Yabba Dabba Doo! The Flintstones at 50
Today is the 50th Anniversary of the iconic animated television show The Flintstones. The original television series, produced by Hanna-Barbera Productions, ran for close on 6 years in America, with Episode #1 being broadcast on the ABC network on 30 September 1960. It had a run over its’ six seasons of 166 episodes which proved to be enough to cement the show and its’ characters place in popular culture.
The first episode, entitled “The Flintstone Flyer”, introduced audiences to the crazy prehistoric town of Bedrock and to the principal characters that have since entertained audiences for the past 50 years.
In that first episode the tone for many of the subsequent shows is set: Fred fakes illness that so he and and his best mate and neighbour Barney can get out of taking their wives to the opera. The night coincides with a Bowling Championship, and bowling trumps opera every time! Using Barney’s home-made prehistoric helicopter as a means of escape, the two then join their bowling team for the tournament. They almost get away with their scheme, until loose-lipped Barney gives away their night’s activities. Vengeance from their wives Wilma and Betty is swift.
With his faithful buddy Barney at his side, Fred Flintstone would entertain television audiences week after week with some outrageous scheme or other form of general mischief that grown men can get themselves into. Of course, Barney would follow along, and the two would ultimately have to answer to the true voice of authority – their wives.
A Modern Stone Age Family
The show is set in the Stone Age town of Bedrock. (In some of the earlier episodes, it was also referred to as “Rockville”). In this fantasy version of the past, dinosaurs, sabre-toothed tigers, woolly mammoths, and other long extinct animals co-exist with barefoot cavemen. Like their 20th century peers, these cavemen listen to records, live in split-level homes, and eat out at restaurants, yet their technology is made entirely from pre-industrial materials and largely powered through the use of various animals. For example, the cars are made out of stone, wood, and animal skins, and powered by the passengers’ feet.
Often the “prehistoric” analogue to a modern machine uses an animal. For example, when a character takes photographs with an instant camera, inside of the camera box, a bird carves the picture on a stone tablet with its bill. In a running gag, the animal powering such technology breaks the fourth wall, looks directly into the camera at the audience, shrugs, and remarks, “It’s a living.”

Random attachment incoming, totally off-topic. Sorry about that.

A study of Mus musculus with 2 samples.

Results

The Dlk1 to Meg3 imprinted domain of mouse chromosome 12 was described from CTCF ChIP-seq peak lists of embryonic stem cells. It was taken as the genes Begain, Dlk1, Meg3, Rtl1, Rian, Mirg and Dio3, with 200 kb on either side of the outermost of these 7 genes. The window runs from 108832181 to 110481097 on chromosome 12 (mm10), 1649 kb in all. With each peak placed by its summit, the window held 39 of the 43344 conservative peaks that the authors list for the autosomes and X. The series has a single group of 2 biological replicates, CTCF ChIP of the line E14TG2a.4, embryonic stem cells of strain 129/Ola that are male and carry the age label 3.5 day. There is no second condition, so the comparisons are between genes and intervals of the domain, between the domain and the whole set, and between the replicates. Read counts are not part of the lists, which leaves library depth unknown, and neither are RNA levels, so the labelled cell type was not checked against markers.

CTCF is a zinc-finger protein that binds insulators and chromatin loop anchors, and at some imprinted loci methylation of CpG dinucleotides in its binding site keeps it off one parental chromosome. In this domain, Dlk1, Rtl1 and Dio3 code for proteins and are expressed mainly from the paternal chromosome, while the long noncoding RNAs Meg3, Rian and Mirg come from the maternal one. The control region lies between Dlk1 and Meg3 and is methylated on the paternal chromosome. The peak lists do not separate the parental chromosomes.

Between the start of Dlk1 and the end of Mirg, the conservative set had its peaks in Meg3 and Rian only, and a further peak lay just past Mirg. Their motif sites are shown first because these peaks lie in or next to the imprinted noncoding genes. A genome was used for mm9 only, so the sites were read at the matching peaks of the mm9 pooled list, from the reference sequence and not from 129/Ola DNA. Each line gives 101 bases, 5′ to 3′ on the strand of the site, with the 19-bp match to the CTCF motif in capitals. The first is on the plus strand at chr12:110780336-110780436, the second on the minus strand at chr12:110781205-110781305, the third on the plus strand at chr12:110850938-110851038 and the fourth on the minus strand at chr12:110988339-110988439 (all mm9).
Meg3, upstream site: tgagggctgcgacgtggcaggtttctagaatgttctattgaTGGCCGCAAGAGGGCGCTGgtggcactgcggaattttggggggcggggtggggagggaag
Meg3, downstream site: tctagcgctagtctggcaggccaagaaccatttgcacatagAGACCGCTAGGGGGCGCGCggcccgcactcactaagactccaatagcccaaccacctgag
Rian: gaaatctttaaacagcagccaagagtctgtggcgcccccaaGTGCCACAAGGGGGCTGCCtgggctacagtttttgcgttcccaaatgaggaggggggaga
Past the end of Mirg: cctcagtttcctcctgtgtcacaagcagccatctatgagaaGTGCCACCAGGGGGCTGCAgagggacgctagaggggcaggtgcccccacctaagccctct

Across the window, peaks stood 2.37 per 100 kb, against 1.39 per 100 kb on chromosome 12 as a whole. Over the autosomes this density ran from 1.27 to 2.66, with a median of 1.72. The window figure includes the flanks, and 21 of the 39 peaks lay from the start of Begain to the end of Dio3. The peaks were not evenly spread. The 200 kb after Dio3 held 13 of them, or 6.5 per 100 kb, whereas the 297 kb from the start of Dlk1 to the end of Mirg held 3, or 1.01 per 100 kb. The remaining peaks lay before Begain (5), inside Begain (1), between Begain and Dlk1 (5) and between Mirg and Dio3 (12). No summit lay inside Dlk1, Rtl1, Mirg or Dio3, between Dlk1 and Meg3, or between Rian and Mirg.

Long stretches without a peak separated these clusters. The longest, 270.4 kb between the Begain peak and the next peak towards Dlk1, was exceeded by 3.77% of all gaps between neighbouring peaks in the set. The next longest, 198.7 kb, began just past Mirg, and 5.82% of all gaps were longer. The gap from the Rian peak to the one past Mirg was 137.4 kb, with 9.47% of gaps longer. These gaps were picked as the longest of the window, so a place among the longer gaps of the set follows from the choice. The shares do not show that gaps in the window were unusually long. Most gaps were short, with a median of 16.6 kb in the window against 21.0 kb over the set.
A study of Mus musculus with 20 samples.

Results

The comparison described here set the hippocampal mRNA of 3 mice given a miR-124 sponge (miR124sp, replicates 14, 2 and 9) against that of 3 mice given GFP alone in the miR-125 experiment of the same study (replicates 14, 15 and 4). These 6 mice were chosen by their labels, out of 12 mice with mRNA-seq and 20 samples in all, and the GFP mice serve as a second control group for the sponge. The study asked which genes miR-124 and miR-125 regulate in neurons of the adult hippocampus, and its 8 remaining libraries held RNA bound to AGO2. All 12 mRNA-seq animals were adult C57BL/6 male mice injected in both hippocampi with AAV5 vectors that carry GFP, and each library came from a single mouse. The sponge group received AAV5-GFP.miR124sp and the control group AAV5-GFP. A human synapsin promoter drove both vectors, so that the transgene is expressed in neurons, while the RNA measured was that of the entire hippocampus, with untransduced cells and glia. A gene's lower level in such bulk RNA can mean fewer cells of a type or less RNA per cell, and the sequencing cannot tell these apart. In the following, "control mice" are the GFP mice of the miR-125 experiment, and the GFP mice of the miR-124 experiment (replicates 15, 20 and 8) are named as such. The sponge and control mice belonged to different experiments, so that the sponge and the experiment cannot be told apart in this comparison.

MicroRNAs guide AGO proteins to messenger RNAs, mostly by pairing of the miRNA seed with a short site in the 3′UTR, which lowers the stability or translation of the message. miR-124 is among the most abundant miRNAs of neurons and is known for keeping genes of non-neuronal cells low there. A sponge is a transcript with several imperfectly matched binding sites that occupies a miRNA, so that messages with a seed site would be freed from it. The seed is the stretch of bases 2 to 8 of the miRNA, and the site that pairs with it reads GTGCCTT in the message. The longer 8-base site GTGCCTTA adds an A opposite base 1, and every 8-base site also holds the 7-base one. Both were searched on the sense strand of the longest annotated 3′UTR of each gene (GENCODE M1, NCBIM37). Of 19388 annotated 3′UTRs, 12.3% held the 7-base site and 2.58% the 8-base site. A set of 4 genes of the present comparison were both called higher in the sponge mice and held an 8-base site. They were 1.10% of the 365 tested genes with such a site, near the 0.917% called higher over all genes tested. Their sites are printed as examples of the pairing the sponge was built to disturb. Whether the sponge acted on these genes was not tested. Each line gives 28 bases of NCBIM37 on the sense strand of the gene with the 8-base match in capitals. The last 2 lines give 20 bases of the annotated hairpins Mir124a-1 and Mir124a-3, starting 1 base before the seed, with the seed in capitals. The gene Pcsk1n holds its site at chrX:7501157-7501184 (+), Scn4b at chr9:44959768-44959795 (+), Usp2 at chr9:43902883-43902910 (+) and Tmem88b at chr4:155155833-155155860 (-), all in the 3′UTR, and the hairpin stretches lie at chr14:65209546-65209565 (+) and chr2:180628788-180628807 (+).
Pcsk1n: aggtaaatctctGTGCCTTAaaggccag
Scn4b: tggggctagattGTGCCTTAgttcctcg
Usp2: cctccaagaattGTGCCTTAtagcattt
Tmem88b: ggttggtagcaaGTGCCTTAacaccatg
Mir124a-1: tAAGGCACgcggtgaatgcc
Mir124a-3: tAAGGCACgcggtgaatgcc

Other commonly seen gadgets in the series include a baby woolly mammoth used as a vacuum cleaner; an adult woolly mammoth acting as a shower by spraying water with its trunk; elevators raised and lowered by ropes around brontosauruses’ necks; “automatic” windows powered by monkeys on the outside; birds acting as “car horns,” sounded by the driver pulling on their tails or squeezing their bodies; an “electric” razor made from a clam shell, vibrating from a honey-bee inside; a washing machine shown by a pelican with a beakful of soapy water; and a woodpecker whose beak is used to play a gramophone record.
All Things Stone & Rock
The Stone Age setting allowed for gags and puns involving rocks. For example San Antonio became Sand-and-Stony-o; the country to the south of Bedrock’s is called Mexirock; and “Hollyrock,” a parody of Hollywood. Even the names of Bedrock’s celebrities got the same treatment: “Cary Granite” (Cary Grant), “Stony Curtis” (Tony Curtis), “Jimmy Darrock” (James Darren), “Perry Masonary/Masonite” (Perry Mason), and “Mick Jadestone and The Rolling Boulders” (Mick Jagger and The Rolling Stones) are some examples.
Living in the stone-age didn’t keep the Flintstones from enjoying the best of modern conveniences. From a ram’s horn telephone (a must for Wilma’s gossip sessions) to a skin-topped convertible with stone wheels, the series was constantly showing modern gadgets with a stone-age twist. Even something as simple as the paperboy throwing Fred his Sunday newspaper was funny – especially when the oversized stone tablet nailed him in the head.
Fred, in general, showed little tolerance for incompetence – save maybe his own. He could turn from jovial to grouchy and back in an instant. But even this burly bear of a man had his soft side, and never did it show through as much as with his baby daughter, Pebbles. Fred was definitely a family man at heart, and his antics appealed to all ages.
Big Screen Flintstones
The video clip is the trailer for the live action film released in 1994. It starred a brilliantly cast John Goodman as Fred and featured Rick Moranis as Barney. Also included in the cast were Elizabeth Perkins, Rosie O’Donnell, Kyle MacLachlan and Elizabeth Taylor. The B-52s ‘reformed’ as the BC-52s to perform the theme song “Meet the Flintstones”. Compare it to the original introduction from the television series and you’ll see that it was a brilliantly realised version of the original animated action.
So to Fred and Wilma, Barney and Betty, and all the other Bedrockers – Happy Anniversary! You guys rock!